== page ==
Will Halliburton have to shoulder 15 percent of BP’s mess?
Halliburton has been dragged further into the BP mess. The oil contractor lost $3 billion of market value on charges by a presidential commission that it did a shoddy job cementing the rig that cracked and led to the disastrous leak. That suggests investors expect Halliburton to pay a big slice of BP’s $20 billion cleanup fund. It’s possible—but don’t count on it.
Well blowups are seldom the result of a single blunder. And BP’s epic Gulf of Mexico spill is certainly no exception. So it should come as no surprise there were problems with the cement job done by Halliburton. Soon after, BP was quick to parcel out responsibility. Any confirming evidence will help provide BP’s public relations with some cover. Equally, any indication of Halliburton error will spread the reputational damage.
Yet it is too early to say that Halliburton will suffer such a substantial financial hit. The letter from the panel’s lead investigator was less damning than some initial press reports indicated. Halliburton shared test results with BP suggesting its cement had “failed to meet industry standards.” Had Halliburton failed to disclose material details this would look far worse. BP also had time to react and rectify the situation since the finding came more than a month before the blowup.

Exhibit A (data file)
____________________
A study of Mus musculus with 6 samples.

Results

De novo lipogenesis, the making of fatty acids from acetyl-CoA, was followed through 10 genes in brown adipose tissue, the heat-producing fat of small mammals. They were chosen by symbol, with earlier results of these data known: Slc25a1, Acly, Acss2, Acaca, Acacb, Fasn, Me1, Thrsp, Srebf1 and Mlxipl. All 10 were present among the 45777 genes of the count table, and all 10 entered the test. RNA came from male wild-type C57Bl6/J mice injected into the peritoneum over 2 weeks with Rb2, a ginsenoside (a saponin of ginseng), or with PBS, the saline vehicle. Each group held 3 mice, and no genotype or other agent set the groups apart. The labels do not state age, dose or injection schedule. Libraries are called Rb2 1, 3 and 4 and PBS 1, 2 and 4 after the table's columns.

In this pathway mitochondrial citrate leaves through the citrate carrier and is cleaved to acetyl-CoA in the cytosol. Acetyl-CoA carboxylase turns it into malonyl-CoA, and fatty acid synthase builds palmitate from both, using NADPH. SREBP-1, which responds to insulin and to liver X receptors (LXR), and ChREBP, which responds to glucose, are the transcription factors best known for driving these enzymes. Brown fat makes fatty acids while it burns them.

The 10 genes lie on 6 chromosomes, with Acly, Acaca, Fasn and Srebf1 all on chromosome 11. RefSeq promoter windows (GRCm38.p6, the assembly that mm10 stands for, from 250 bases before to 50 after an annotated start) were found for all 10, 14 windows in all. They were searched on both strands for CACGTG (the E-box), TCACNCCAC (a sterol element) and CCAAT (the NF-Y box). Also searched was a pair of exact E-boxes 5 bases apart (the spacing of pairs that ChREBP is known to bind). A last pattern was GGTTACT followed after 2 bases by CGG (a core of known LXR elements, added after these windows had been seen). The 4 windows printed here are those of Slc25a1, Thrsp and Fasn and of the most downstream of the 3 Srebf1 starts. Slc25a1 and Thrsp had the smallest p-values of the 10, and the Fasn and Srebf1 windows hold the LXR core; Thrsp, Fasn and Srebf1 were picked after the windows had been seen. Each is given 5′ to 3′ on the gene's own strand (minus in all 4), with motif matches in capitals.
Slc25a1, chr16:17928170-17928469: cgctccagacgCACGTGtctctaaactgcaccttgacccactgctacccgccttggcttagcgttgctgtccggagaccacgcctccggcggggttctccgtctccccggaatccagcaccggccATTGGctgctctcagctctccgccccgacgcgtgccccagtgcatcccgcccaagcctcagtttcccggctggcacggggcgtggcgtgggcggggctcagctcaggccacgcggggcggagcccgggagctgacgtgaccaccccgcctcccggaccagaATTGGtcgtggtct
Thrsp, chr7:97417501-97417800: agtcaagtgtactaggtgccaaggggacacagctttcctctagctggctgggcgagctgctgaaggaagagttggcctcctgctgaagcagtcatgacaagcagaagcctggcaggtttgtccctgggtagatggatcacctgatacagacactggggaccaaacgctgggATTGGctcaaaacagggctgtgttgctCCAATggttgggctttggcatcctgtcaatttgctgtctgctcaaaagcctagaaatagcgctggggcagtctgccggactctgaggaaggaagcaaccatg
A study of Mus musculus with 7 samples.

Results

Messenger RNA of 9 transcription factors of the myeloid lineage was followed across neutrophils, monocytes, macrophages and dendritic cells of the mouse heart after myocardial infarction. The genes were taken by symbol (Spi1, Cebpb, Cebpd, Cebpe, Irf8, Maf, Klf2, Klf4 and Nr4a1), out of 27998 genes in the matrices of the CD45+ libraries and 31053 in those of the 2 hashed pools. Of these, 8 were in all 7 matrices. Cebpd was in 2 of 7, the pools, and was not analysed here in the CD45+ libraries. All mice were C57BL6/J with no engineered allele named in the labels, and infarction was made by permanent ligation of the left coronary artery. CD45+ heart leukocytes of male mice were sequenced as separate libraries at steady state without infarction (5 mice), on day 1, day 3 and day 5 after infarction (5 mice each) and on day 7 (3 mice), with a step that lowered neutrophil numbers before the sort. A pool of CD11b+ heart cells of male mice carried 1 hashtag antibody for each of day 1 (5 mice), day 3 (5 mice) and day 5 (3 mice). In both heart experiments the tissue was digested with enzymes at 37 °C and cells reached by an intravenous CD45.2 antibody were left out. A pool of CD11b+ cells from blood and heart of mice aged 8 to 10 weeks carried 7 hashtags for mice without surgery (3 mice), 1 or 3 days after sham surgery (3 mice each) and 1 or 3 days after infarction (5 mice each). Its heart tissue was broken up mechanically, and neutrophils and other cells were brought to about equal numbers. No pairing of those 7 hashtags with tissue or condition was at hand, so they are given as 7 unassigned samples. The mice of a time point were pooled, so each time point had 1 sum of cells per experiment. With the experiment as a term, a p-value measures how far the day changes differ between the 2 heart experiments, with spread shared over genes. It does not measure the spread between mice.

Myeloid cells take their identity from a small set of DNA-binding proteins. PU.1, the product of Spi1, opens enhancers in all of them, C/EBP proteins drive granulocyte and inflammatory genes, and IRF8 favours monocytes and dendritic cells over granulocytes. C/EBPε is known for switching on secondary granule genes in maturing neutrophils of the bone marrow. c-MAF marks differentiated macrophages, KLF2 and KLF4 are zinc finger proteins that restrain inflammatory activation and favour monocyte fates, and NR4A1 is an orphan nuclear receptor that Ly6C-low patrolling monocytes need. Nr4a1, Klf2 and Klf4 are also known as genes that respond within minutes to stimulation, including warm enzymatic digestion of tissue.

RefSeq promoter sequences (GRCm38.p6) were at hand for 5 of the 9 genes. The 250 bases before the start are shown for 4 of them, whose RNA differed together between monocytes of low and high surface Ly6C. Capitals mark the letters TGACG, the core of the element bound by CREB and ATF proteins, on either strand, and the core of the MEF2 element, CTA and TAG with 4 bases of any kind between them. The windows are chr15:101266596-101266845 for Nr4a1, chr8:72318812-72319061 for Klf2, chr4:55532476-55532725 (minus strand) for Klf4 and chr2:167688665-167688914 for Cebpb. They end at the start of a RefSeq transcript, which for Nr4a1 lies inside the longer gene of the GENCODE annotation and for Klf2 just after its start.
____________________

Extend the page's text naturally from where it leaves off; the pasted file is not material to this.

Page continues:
The findings also take a more sympathetic turn. Cementing is a “complex endeavor,” the investigator says, and “cementing failures are not uncommon even in the best of circumstances.” When failures occur the industry can conduct pressure tests and cement evaluation logs. The investigator adds that BP, and possibly Transocean—the other main contractor—”misinterpreted” or “chose not to conduct such tests at the Macondo well.”
Of course Halliburton isn’t completely off the hook either. It is almost certain to rack up expenses in the multi-year legal battle over liability for the spill. But unlike Anadarko Petroleum Corporation , BP’s silent partner in Macondo and owner of a 25 percent stake, Halliburton was a contractor. It’s hard to believe it will be stuck footing such a chunky portion of the bill.